A love song to the world

Musicians Nimo Patel and Daniel Nahmod brought together dozens of people from around the world to create this beautiful, heart-opening melody. Inspired by the 21-Day Gratitude Challenge, the song is a celebration of our spirit and all that is a blessing in life. For the 21 Days, over 11,000 participants from 118 countries learned that “gratefulness” is a habit cultivated consciously and a muscle built over time. As a famous Roman, Cicero, once said, “Gratitude is not only the greatest of virtues, but the parent of all others.” This soul-stirring music video, created within a week by a team of volunteers, shines the light on all the small things that make up the beautiful fabric of our lives.


  1. A great song. Thanks for the reminder Bryan.

    And thank you Francis Frangipane for this reminder (yesterday):

    Paul wrote, Be anxious for nothing, but in everything by prayer and supplication, with thanksgiving, let your requests be made known to God; 7 and the peace of God, which surpasses all understanding, will guard your hearts and minds through Christ Jesus. (Philippians 4:6-7)

    Thanksgiving opens the door into the presence of God.

    This song is AMAZING! It’s important to be grateful for who and where we are NOW. TImely reminder. One we can easily forget. I know I have at times. A thank you to Bryan Patterson for sharing it on his blog. 🙂



      Personally I’ve always done my level best to be grateful for the advantages and privileges that I’ve had throughout my life. One of the characteristics and benefits of being a natural optimist, I guess.

      Rian.


    A Thankful Man Is a Humble Man

    If you think you know God but do not live your life in gratitude before Him, it is doubtful that you really knew Him in the first place. A thankful heart honors God. Too often when we say we “know God,” what we actually mean is we know facts about God. But we should ask ourselves, “Do I truly know Him?”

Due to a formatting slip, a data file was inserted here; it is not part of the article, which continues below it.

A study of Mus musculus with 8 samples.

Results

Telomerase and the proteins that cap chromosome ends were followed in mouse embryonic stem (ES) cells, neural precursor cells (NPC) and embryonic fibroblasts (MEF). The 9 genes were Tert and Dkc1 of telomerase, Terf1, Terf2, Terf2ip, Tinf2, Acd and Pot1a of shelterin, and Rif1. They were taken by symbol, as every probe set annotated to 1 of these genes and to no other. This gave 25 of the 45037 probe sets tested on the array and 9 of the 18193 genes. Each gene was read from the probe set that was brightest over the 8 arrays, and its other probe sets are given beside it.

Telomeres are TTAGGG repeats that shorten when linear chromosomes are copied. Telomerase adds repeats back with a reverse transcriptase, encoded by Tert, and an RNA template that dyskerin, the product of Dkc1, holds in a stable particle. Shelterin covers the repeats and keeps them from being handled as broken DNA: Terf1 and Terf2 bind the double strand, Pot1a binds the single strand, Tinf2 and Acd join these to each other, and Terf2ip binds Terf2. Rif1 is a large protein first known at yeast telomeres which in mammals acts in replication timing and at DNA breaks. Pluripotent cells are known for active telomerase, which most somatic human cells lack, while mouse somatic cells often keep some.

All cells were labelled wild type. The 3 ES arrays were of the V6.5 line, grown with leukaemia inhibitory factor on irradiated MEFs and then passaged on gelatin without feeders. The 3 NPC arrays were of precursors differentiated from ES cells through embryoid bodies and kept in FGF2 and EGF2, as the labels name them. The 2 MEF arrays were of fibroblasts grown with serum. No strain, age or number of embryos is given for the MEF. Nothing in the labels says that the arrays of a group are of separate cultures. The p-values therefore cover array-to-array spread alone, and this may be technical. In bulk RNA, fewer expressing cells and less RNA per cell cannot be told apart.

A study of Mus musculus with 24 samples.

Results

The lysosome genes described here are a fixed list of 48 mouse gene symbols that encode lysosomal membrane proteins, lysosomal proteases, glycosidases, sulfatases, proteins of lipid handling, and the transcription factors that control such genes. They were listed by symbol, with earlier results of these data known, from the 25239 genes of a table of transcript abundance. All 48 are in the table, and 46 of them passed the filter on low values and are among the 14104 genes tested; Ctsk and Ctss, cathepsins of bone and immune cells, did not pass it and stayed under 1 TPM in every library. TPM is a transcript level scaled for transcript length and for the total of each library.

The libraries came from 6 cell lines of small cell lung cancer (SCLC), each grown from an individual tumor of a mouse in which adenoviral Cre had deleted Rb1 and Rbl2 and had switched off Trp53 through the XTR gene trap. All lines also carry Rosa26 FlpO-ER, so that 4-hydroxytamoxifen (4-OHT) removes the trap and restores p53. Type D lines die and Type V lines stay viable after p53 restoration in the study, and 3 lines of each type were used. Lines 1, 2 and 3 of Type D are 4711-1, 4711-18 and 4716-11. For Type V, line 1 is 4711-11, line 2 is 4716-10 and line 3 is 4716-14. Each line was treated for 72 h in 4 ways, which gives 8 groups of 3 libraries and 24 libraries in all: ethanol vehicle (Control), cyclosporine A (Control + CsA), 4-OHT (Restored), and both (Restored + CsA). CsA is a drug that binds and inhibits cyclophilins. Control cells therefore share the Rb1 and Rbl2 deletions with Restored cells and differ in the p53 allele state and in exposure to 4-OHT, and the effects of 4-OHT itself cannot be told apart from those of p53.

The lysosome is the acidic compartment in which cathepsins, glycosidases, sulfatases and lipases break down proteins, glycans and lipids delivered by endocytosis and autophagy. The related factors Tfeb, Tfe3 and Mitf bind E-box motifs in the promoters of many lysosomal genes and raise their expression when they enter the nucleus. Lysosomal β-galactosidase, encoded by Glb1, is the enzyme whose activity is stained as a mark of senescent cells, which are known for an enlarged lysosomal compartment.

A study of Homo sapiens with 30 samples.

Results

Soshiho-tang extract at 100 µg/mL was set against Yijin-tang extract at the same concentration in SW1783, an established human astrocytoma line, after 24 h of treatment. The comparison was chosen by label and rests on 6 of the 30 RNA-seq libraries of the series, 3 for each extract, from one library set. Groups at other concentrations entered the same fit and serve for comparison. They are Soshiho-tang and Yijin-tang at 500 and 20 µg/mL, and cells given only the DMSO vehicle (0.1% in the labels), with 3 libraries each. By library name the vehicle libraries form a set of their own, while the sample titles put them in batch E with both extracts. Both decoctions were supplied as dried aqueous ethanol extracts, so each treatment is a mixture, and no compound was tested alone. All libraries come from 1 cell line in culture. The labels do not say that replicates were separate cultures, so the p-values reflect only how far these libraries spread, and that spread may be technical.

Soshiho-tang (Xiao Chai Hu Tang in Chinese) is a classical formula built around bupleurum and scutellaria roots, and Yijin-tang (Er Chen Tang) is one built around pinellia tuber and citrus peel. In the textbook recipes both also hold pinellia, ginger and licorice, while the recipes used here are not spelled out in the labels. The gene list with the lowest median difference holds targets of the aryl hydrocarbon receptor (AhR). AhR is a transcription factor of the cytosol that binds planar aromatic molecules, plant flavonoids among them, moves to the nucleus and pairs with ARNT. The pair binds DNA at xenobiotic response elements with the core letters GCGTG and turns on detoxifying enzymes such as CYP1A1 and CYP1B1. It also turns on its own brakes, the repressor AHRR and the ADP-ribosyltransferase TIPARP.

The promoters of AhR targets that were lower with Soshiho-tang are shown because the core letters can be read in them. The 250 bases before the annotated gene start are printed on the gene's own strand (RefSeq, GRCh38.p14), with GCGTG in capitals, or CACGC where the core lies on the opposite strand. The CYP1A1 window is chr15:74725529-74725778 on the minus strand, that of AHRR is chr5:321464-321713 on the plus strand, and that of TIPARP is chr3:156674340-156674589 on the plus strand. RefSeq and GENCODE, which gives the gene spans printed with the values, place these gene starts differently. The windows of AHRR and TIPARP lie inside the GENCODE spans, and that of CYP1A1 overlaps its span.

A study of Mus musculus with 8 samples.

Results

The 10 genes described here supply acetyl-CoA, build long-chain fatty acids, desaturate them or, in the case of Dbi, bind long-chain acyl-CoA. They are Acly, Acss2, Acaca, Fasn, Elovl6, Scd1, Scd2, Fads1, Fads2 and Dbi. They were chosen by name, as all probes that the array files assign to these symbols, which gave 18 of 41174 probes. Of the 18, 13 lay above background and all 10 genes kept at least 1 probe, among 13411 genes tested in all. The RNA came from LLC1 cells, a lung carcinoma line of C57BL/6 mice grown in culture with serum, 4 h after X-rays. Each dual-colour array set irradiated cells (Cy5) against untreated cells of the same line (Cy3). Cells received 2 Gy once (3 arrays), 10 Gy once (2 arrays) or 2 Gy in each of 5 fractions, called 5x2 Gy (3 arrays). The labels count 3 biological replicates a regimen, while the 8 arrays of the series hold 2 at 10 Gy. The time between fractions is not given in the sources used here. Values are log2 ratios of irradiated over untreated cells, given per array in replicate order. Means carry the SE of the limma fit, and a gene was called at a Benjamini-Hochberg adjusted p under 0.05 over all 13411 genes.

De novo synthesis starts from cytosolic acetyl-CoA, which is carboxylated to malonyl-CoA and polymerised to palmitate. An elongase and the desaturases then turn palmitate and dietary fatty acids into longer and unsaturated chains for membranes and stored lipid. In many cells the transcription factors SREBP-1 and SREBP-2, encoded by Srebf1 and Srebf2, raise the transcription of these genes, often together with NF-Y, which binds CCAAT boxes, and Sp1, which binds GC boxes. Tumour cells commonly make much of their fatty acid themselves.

Paul warns that just knowing doctrines about God is not enough to enter eternal life. He said,

    “For since the creation of the world His invisible attributes, His eternal power and divine nature, have been clearly seen, being understood through what has been made, so that they are without excuse. For even though they knew God, they did not honor Him as God or give thanks, but they became futile in their speculations, and their foolish heart was darkened” (Rom. 1:20-21).

    Even though we may know God, if we do not “honor Him as God or give thanks” to Him in our daily walk, our minds darken. When we are in that hardened, ungrateful state of mind, every word we speak is a spark lit by hell, set to destroy the quality of our lives (James 3:6).

    H. W. Beecher said, “Pride slays thanksgiving . . . a proud man is seldom a grateful man, for he never thinks he gets as much as he deserves.” We should be thankful that we do not get what we deserve!

    When God gives us less than we desire, it is not because He is teaching us poverty; what He is teaching us is thankfulness. You see, life — real life — is not based upon what we amass but on what we enjoy. Even in difficult circumstances God still gives us much to appreciate. We fail to see what the Lord has provided because our hearts are wrong.

    Someone once said, “When I see a poor man who is grateful, I know if he were rich, he would be generous.” A thankful spirit is akin to a generous spirit, for both appreciate and receive the riches of God. When we are thankful with little, God can entrust us with much.

    The preceding excerpt is adapted from the book The Shelter of the Most High by Pastor Frangipane.